Spotify’s a pretty awesome streaming music service, but the Facebook integration it’s rolled out in the past week has left users with a pretty not-awesome taste in their mouths. Never mind the fact that new users need a Facebook account just to sign up now; even old users woke up the other morning to find their Spotify listening selections blasted on their Facebook feed. That sucks, so here’s how to disable it from either application.
If you’ve invested heavily in Steam’s growing portfolio of games, you’ll know that aside from offering a large enough selection of PC games to make GameStop blush in shame, the service also has a slick Graphic User Interface that makes keeping track of your downloaded titles a breeze. With very little effort, you can leverage Steam’s awesome library interface to keep track of and open all of your favorite web browser-bound games in exactly the same way.
From the get-go, the Steam client is designed to allow users to add executable files to their game list, but isn’t too keen on command line switches. That means that if you want to, you could add Google’s Chrome browser to your Steam library, but not a particular website or Chrome web application like Angry Birds. In order to do that, you’ll need to build your own executable file. Doing so is a lot easier than you might think.
Nothing will put a crimp in your computing style quite like a Windows error. Although Microsoft's OS has gotten exponentially more stable over the years, it's still very possible for Windows system files to become corrupt. When you encounter a Windows error, your first instinct may be to back up your data, grab the ol' installation disk, and weep silently as you press the Reformat button. We're here to tell you there's another way.
There's an old saying that goes "You can't take it with you when you die," but we disagree. Sure, you might suffer an XP loss or have a nifty +3 bastard sword disappear from your inventory, but all in all, your belongings remain intact in the event of an untimely character death. The saying should be "You can't take it with you if you don't save your game data." We can't help with your lack of FPS skills, but we can help you transfer your game data to a new PC or hard drive.
The last thing that you ever want to see through your pretty plexiglass is a PC that’s covered in dust. It can lead to system overheating, it’s gross, and it only gets worse the longer you put it off. We always joke that spring cleaning is the perfect time to bust out the ol’ can of compressed air and get to work but, truthfully, cleaning one’s system shouldn’t just be a yearly affair.
So allow us to shave a few seconds off of your quarterly clean with a quick walkthrough of how to best prepare your assault on dust, dirt, and grime. Leave no survivors!
After our social media background check, are you afraid of what a future employer may find out about you? Rest easy as we have some tips to help you remove your personal information from more than a dozen online background check websites.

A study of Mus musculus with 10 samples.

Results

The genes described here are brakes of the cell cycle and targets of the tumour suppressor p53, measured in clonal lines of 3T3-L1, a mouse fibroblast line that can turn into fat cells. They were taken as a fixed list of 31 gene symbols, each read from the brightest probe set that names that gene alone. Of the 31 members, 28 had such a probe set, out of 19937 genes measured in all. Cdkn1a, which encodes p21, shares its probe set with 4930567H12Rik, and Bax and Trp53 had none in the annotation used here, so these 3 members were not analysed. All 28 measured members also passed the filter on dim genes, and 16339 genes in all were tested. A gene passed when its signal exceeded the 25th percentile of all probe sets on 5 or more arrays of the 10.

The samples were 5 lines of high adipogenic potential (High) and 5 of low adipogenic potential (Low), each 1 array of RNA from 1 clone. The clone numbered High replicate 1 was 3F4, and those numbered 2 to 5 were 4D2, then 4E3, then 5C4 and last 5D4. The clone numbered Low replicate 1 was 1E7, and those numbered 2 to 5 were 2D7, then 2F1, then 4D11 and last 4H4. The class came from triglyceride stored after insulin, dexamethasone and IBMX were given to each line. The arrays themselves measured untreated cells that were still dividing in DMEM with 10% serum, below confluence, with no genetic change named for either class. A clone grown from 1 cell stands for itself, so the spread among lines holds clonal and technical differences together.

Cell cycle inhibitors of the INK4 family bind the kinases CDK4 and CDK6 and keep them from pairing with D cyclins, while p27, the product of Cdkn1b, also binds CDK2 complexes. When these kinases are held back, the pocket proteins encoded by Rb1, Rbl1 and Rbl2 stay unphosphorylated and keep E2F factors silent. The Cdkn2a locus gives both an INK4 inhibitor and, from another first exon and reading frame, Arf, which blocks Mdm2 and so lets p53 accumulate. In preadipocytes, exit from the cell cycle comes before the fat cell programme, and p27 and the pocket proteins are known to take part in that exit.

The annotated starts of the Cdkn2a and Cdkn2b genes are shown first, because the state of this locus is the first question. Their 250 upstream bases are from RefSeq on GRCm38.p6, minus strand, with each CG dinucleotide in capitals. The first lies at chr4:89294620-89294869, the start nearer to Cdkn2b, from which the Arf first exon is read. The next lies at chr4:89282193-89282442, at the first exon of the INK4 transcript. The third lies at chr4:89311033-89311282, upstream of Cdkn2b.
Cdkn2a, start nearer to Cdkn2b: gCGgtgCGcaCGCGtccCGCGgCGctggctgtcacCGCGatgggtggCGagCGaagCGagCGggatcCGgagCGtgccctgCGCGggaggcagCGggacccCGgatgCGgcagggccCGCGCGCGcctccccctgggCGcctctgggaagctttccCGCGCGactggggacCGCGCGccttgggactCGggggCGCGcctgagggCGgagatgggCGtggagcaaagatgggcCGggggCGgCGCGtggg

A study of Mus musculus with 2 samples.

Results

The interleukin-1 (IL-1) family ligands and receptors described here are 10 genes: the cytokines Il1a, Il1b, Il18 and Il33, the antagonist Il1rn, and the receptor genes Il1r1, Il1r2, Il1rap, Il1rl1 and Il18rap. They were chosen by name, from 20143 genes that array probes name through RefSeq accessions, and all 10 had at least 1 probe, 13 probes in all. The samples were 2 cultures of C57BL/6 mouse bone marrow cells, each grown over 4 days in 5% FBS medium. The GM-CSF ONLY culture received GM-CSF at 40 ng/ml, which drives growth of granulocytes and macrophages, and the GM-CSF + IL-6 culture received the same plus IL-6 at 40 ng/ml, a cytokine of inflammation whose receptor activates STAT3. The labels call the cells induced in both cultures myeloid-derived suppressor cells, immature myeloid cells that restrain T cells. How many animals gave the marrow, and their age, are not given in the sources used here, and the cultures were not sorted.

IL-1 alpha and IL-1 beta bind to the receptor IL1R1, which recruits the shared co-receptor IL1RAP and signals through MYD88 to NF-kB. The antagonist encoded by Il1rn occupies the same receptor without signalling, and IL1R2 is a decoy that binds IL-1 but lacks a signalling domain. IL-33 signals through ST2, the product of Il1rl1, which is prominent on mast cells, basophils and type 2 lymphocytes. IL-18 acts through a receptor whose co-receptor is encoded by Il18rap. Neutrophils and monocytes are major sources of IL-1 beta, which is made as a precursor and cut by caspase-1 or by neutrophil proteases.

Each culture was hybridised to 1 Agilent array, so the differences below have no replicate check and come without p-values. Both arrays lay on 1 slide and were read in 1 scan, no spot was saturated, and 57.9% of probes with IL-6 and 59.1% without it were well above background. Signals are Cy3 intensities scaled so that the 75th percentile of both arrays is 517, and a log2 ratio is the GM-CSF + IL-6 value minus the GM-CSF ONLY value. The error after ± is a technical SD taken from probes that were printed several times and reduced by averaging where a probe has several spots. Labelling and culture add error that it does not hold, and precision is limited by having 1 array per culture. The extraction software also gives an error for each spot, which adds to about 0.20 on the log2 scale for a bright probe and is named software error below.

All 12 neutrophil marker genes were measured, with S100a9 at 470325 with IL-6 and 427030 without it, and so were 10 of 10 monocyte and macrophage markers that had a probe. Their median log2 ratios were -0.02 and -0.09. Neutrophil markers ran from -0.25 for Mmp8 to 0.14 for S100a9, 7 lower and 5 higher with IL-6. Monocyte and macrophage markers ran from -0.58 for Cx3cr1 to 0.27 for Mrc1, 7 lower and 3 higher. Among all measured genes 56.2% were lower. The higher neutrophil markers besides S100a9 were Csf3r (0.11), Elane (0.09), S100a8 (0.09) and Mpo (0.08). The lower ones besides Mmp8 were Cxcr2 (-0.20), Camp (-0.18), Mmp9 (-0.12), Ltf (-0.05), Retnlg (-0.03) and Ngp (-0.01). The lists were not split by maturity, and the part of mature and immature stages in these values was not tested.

In past months, we’ve shown you how to build rigs for less than $1,000, and we even built a surprisingly speedy $667 PC Value Meal. But what do you do when your budget is half that? Let’s face it, not everyone has half a grand or more to spend on a new computer, and not every build has to be a tricked-out gaming rig. Sometimes you just need a second computer for the family, or an HTPC that doesn’t break the bank. Heck, sometimes you just need a cheap first computer. That doesn’t mean you have to head to big-boxville and pick a prebuilt off the rack. Indeed, we’re betting that with a little elbow grease we can put together a machine for less than $350 that’ll perform basic tasks, if not with a surplus of power, at least without smoking and dying.
You may not be ready to ditch Facebook for good, but now that you've had a chance to kick the tires on Google+, you might be ready to make it your go-to social network. The problem: You've built up a lot of friends, photos, videos, and other data on Facebook over the years, and you don't want to simply lose all that data. Here's how to migrate it all from Facebook to Google+.
Google+ is kind of like Darryl Hannah in Attack of the 50 Foot Woman: sexy, wealthy, and growing at an exponential rate. The search giant's stab at social media brings a lot of really cool things to the table, like the almost-BBS stylings of Stream, the almost-RSS approach to Sparks, and the oh-so-awesome video chat power of Hangouts. As nifty as the service is, there's one thing we abso-freakin'-lutely hate about Google+; the inbox flood that comes with it. Hey Google, we don't need an email notification every time somebody comments on a Stream thread!
The process for disabling notifications is pretty quick, but not completely obvious. Read on for our quick How-To!
Of the many new features introduced in Windows 7, the humble Problem Steps Recorder was one of the least talked-about. At first glance, the application—which combines an automatic screenshot utility and a sort of low-grade keylogger—appears to be nothing more than a tool to make life a little easier for Microsoft’s legion of support personnel. Upon closer inspection, there’s actually much more to the Problem Steps Recorder.